Image by Tom Varco

Image by Tom Varco

Recent studies have shown that although there seems to be a “childproof” cap that has revolutionized medication safety, children have still developed the ability to outsmart it.

According to this study, more than 34,000 children in the United States are hospitalized due to the ingestion of prescription drugs found around their home. Twelve drugs were seen as suspect, including oxycodone, bupropion, and clonazepam, but most commonly opioids and benzodiazepines, or anti-anxiety pills, which accounted for 45% of the reported hospitalizations.

The study focused on the admittances to 63 different hospitals from 2007 to 2011, and the rate of the amount of children admitted for unsupervised ingestion of prescription drugs. Of these thousands of children under the age of 6, three quarters of them were reported to be between the ages of 1 and 2.

While much of this issue is caused by parents who do not properly secure or put the medications away, researchers are looking for future ways to further protect children from the ability to open the bottles. This includes flow restrictions on the amount of liquid medication intake, as well as unit-dose packaging within the bottles of solid prescription drugs.

This article is interesting because often times we hear about and think of overdosing in a way that highlights the intention of adults, but never the unintentional suffering of children. However, its important to see the dangers of serious drugs on young children, and necessary to make a change! Will society be able to monitor a child’s intake at times when their caretakers are not?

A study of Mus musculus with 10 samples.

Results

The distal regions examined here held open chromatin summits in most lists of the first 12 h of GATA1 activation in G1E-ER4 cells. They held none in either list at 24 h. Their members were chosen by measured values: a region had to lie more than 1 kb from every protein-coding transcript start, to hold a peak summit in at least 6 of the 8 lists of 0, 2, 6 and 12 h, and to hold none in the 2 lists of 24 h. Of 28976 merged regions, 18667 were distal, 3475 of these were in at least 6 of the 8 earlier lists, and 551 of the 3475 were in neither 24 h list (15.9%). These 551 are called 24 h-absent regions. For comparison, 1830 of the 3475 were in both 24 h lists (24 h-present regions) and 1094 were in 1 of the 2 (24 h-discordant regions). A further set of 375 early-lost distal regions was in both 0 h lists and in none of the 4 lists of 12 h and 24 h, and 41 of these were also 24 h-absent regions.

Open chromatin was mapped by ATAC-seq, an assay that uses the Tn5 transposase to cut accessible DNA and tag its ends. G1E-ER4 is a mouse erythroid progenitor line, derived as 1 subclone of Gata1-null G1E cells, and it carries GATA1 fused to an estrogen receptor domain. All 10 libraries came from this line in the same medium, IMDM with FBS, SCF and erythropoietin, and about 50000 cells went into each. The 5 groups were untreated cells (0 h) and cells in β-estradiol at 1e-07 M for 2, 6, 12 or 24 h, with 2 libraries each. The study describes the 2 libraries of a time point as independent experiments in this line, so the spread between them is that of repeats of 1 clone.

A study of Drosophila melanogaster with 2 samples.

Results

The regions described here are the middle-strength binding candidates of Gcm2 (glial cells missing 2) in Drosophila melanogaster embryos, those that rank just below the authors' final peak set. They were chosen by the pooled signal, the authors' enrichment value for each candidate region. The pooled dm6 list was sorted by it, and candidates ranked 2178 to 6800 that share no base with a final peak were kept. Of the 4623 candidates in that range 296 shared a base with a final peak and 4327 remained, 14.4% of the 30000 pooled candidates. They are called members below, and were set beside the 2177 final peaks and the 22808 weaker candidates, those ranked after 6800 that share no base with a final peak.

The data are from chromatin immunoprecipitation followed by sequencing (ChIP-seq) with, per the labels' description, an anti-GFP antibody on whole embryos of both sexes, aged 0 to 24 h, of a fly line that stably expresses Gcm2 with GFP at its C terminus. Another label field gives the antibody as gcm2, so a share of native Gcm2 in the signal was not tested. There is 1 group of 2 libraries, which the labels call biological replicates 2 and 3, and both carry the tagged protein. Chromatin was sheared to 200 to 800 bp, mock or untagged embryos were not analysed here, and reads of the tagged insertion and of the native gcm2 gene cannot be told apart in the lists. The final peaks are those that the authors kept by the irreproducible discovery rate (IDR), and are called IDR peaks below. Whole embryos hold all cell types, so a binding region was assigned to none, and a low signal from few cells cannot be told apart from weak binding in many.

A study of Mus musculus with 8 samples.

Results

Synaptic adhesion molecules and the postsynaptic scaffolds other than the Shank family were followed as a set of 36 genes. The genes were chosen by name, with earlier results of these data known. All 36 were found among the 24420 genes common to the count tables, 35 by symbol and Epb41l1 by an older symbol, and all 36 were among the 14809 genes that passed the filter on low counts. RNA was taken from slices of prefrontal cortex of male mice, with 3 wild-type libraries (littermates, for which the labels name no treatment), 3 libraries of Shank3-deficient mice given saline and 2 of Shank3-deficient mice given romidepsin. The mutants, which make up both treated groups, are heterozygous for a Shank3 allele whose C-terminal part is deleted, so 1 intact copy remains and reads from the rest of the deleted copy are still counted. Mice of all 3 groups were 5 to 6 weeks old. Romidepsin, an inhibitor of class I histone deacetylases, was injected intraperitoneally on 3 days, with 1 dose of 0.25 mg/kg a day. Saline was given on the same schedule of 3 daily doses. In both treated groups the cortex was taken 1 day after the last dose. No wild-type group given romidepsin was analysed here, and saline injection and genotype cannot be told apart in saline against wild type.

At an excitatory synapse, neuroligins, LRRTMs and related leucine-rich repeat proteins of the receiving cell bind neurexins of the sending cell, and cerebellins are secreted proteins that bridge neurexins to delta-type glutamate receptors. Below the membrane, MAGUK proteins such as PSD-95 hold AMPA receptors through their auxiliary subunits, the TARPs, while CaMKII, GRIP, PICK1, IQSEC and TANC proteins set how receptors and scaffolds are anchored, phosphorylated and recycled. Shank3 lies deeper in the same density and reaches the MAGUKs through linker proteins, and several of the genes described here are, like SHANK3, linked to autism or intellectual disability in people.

It’s so interesting how even with all the frightening overdose statics, packaging companies haven’t really changed their “childproofing” methods. Looking at this PDF guide:
    over the counter meds such as Asprin faced legal issues during the 1970s because many cases of child, and even adult, poisonings were evident. As a result, the Poison Prevention Packaging Act was passed and had heavier restraints on package safety standards. I agree that there needs to be some sort of redefining of the packaging standards because society needs to monitor the safety of the citizens.

  2. camouflage

    This article is super thought provoking– I have never thought about the “child proof” capabilities of child proof caps. Not only is this an issue of securing medications in locked cabinets, high up places, etc., but also it is an effect of a “popularity” of prescription meds. According to a 2011 NBC News Article, (, from 1998 to 2006, the percentage of adults taking at least one prescription medication during the week rose from 50 to 55%, and the amount taking 5 or more rose from 7 to 11%. I think it would be interesting to seek further research into this area. No matter that- great job!

  3. izotope

    Oh wow gherloniapparatus! What an interesting article! I never realized the risk children were at of overdosing from medication unintentionally. I read at WebMD that children are actually at a higher risk of overdosing during the holidays; stray jackets, purses, and other items provide access to medication for wandering children. Apparently, Poison Control Center gets more than 500,000 phone calls about children under 5 taking medication on their own. This amounts to one phone call every minute, everyday of the week. There clearly needs to be a new solution to child-proofing medication because this is much too common.